Novartis data show more patients are completely symptom-free from chronic spontaneous urticaria with ligelizumab (QGE031) than Xolair 300 mg

  • Results from a Phase IIb dose-finding study show an average complete response rate of 42% for doses 240 mg and 72 mg ligelizumab at Week 12 compared with 26% for those taking 300 mg Xolair’s dose (omalizumab)
  • Complete control of hives achieved by 51% and 42% of patients treated with ligelizumab (72 mg and 240 mg respectively) at Week 12 compared with 26% of patients treated with Xolair 300 mg
  • Ligelizumab (QGE031), a monoclonal antibody, blocking the IgE/FceR1 pathway, is being developed as a treatment option for chronic spontaneous urticaria (CSU) patients whose symptoms are inadequately controlled by H1-antihistamines
  • Ligelizumab (QGE031) is currently being investigated in an ongoing Phase III clinical trial program which includes Phase III trials PEARL 1 and PEARL 2 that are globally recruiting more than 2,000 patients across 48 countries around the world
  • Data from the Phase IIb dose-finding study were published in The New England Journal of Medicine

Basel, October 8, 2019 - "These study results are encouraging as we look to support patients with effective treatments to manage the debilitating symptoms of CSU," said Marcus Maurer, MD, professor of dermatology and allergy and director of research at the Department of Dermatology and Allergy, Allergie-Centrum-Charité of the Charité-Universitätsmedizin in Berlin, Germany. "CSU is a severe skin disease that significantly impacts the lives of patients, who may experience unpredictable and persistent itchy hives, sometimes with painful swelling of the skin."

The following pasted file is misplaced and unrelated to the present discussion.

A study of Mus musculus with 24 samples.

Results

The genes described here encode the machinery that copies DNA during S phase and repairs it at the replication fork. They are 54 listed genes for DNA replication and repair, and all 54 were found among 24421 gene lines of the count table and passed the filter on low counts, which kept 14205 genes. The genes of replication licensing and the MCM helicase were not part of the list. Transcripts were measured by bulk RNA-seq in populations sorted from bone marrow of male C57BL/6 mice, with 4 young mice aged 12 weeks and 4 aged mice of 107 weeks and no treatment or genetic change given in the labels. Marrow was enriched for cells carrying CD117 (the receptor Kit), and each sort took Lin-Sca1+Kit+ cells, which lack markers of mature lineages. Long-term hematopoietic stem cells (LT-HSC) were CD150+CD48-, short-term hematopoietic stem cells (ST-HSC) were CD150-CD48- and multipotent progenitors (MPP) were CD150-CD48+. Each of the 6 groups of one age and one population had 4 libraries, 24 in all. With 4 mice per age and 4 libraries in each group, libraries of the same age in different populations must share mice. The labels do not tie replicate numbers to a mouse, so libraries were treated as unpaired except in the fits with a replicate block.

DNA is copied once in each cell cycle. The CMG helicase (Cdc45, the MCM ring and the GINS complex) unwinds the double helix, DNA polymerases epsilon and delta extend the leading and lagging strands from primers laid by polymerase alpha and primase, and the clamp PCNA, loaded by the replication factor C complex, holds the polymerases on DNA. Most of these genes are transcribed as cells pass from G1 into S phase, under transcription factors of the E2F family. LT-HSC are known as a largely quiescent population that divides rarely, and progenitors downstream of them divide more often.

"Around half of patients on current standard-of-care treatment, including omalizumab, for CSU continue to have uncontrolled symptoms ," said Eric Hughes, Global Development Unit head for Immunology, Hepatology and Dermatology. "We’re encouraged by the results of this study, which is a step forward in our journey to reimagine care in immuno-dermatology to bring better treatment options for patients."